Mysteries and More: The Latest Regional Reads
by Niki Kourofsky
Two desperate men escape from an Adirondack prison and terrorize a family whose perfectly isolated home makes them perfectly vulnerable. No, this isn’t a recent write-up from a North Country newspaper. It’s the plot of As Night Falls (Ballantine Books, 2015), the strangely prescient third suspense novel by Hudson Valley author Jenny Milchman (367 pages, $26, hardcover, www.jennymilchman.com).
In Mystery Under the Midnight Moon: A Collection of Short Stories (Adirondack Kids Press, 2015)—the latest Adirondack Kids installment from father-and-son writing team Gary and Justin VanRiper—the crew finds a missing feline, has a close encounter of the turtle kind and uncovers a shadowy vessel bobbing by starlight (80 pages, $9.95, softcover, black-and-white illustrations, www.adirondackkids.com).
A Not Too Greatly Changed Eden: The Story of the Philosophers’ Camp in the Adirondacks (Cornell University Press, 2015), by James Schlett, chronicles the escapades of William James Stillman, Louis Agassiz, Ralph Waldo Emerson and other would-be woodsmen on the shores of Follensby Pond in 1858 and considers the encampment’s lasting legacy (256 pages, $29.95, hardcover, black-and-white and color images, www.adirondacklifestore.com).
Chuck D’Imperio samples everything from poutine to Croghan bologna—but strangely, no michigan hot dogs—in his ode to Empire State eats, A Taste of Upstate New York: The People and the Stories Behind 40 Food Favorites (Syracuse University Press, 2015, 246 pages, $29.95, softcover, color photographs, www.syracuseuniversitypress.syr.edu).
Imaginary Brightness: A Durant Family Saga (privately published, 2015), a thoroughly researched novel by Sheila Myers, follows the Adirondack adventures of William West Durant and his sister, Ella (294 pages, $12.99, softcover, www.wwdurantstory.com).
If you like a side of verse with your views, toss David Crews’s High Peaks (Ra Press, 2015) into your backpack. Each of the poems in this portable volume is dedicated the Adirondacks’ highest hikes (45 pages, $12, softcover, www.davidcrewspoetry.com).
Frontier Town: Abandoned Theme Park Then and Now (privately published, 2015), by Jennifer St. Pierre and Tammy Whitty-Brown, remembers North Hudson’s Wild-West wonderland with a bonanza of oral histories and photographs (200 pages, $29.99, softcover, color photographs, www.jenniferstpierrephotography.com).
Ever wonder what Cold River hermit Noah John Rondeau added to his notorious Everlasting Stew or how to cure a cold sore with a mix of moss? Then pick up William J. O’Hern’s Spring Trout & Strawberry Pancakes: Borrowed Tales, Quirky Cures, Camp Recipes and the Adirondack Characters Who Cooked Them Up (In the Adirondacks, 2015, 298 pages, $25.99, softcover, black-and-white photographs, www.adkwilds.com).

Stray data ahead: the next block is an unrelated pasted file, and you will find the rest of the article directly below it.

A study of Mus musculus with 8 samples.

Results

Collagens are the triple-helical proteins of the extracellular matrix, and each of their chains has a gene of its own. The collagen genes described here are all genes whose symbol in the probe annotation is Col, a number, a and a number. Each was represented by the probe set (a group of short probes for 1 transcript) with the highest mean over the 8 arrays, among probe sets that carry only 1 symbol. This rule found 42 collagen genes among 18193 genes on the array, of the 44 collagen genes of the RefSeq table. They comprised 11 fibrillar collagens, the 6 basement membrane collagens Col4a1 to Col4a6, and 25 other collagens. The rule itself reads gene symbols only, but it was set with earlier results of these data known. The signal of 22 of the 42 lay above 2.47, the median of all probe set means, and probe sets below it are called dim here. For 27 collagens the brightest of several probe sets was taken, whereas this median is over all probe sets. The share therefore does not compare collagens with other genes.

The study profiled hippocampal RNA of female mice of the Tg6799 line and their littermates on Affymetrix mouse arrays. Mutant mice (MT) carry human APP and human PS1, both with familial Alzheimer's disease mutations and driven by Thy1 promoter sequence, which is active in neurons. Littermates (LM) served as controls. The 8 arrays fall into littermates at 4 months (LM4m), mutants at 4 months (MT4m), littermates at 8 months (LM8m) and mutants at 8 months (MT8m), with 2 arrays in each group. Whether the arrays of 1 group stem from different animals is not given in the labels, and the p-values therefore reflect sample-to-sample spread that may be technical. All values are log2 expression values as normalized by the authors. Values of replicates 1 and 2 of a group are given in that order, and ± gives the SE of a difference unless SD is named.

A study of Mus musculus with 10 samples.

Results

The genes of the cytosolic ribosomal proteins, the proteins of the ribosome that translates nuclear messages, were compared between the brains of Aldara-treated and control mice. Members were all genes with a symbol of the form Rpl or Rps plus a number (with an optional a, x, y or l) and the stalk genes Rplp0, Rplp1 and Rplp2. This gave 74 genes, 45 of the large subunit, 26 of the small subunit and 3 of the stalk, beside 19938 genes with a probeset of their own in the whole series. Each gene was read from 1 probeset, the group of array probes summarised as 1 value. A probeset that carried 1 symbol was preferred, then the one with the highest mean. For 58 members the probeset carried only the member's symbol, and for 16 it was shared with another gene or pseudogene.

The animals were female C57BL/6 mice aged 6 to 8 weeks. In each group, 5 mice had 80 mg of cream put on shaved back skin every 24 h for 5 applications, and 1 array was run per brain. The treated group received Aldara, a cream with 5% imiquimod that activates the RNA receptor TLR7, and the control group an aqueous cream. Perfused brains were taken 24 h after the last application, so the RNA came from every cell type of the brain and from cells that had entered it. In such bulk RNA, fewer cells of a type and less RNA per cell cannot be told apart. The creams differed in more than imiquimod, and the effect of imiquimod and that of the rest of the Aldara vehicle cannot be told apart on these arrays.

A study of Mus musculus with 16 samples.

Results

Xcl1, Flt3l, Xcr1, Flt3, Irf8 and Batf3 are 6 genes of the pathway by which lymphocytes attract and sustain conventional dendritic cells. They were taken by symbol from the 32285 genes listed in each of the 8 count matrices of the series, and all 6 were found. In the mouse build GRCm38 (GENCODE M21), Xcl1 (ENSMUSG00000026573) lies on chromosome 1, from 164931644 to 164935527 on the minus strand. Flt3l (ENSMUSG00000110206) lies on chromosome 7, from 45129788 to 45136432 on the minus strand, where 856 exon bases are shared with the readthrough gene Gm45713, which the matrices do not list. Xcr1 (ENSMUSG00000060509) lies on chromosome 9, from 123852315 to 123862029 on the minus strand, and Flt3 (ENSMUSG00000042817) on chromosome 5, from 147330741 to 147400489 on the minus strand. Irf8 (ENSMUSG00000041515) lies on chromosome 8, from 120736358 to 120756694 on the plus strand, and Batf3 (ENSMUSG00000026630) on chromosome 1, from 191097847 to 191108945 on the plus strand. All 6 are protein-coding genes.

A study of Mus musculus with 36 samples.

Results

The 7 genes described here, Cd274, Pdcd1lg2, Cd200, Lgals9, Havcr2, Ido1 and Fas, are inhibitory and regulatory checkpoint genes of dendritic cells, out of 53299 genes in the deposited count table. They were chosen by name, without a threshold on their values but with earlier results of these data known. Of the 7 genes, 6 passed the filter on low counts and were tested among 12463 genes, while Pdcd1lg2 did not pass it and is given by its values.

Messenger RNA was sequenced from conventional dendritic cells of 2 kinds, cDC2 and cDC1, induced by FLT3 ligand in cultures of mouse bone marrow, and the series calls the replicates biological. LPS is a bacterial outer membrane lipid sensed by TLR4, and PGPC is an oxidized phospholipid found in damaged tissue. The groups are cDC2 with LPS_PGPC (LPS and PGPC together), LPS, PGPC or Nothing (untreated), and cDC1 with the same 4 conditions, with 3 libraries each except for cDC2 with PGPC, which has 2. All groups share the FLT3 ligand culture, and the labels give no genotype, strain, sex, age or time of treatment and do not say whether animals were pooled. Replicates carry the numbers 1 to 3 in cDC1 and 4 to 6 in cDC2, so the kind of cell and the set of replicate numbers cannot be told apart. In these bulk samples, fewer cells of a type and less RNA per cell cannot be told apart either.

In Plattsburgh Through Time (Arcadia Publishing, 2015), historian Anastasia Pratt contrasts photographs from yesteryears—including the old military barracks, Dr. Hagey’s 19th-century rehab, and the Margaret Street trolley—with their modern-day counterparts (96 pages, $22.99, softcover, black-and-white and color photographs, www.arcadiapublishing.com).
Arcadia Publishing’s Images of America series (www.arcadiapublishing.com) introduces two new regional offerings this year: Around Keeseville by Kyle M. Page (128 pages, $21.99, softcover, black-and-white photographs) and the timely Dannemora by Rod Bigelow and Walter “Pete” Light (128 pages, $21.99, softcover, black-and-white photographs).
The Adirondacks’ best-known suffragist is saluted in Remembering Inez: The Last Campaign of Inez Milholland, Suffrage Martyr (American Graphic Press, 2015), edited by Robert P. J. Cooney, Jr. Milholland, whose family owned an estate in the town of Lewis, was a prominent rabble-rouser for the vote until her untimely death in 1916 (90 pages, $14.95, softcover, black-and-white photographs, www.rememberinginez.com).
Nancy M. Kimball, a founding member of North Country Wild Care, recounts tales from two decades of caring for critters in Possums to Porcupines: The Wild Life of an Adirondack Rehabilitator (privately published, 2015, 105 pages, $19.95, softcover, color photographs, www.possumstoporcupines.com).
Adria Townsend gives readers A Remote Chance (privately published, 2015), a contemporary romance set on the shores of a fictional Adirondack lake (ebook, $2.99, www.amazon.com).
Gail Huntley’s Long Lake: Adirondack Heartland (privately published, 2015) is a follow-up to her 2013 Conquering the Wild: A Novel of the Life and Times of the First Settlers of Long Lake, New York. The sequel covers events from 1910 to 1980 and beyond. (338 pages, $25, softcover, www.gailhuntley.com).
Murder in the North Country: An Adirondack Mountain Mystery (North Country Books, 2015) is a thriller by first-time novelist A. M. Rowlands (256 pages, $19.95, softcover, www.amazon.com).
Stuart Bartow, who teaches writing and literature at SUNY Adirondack, explores the joys of pool-rippling moments in Teaching Trout to Talk: The Zen of Small Stream Fly Fishing (Ra Press, 2014, 175 pages, $12, softcover, www.lulu.com).
In Creating Sustainable Communities: Lessons from the Hudson River Region (SUNY Press, 2015), Rik Scarce presents sustainable-living success stories from Mount Marcy to Manhattan (257 pages, $24.95, softcover, www.sunypress.edu).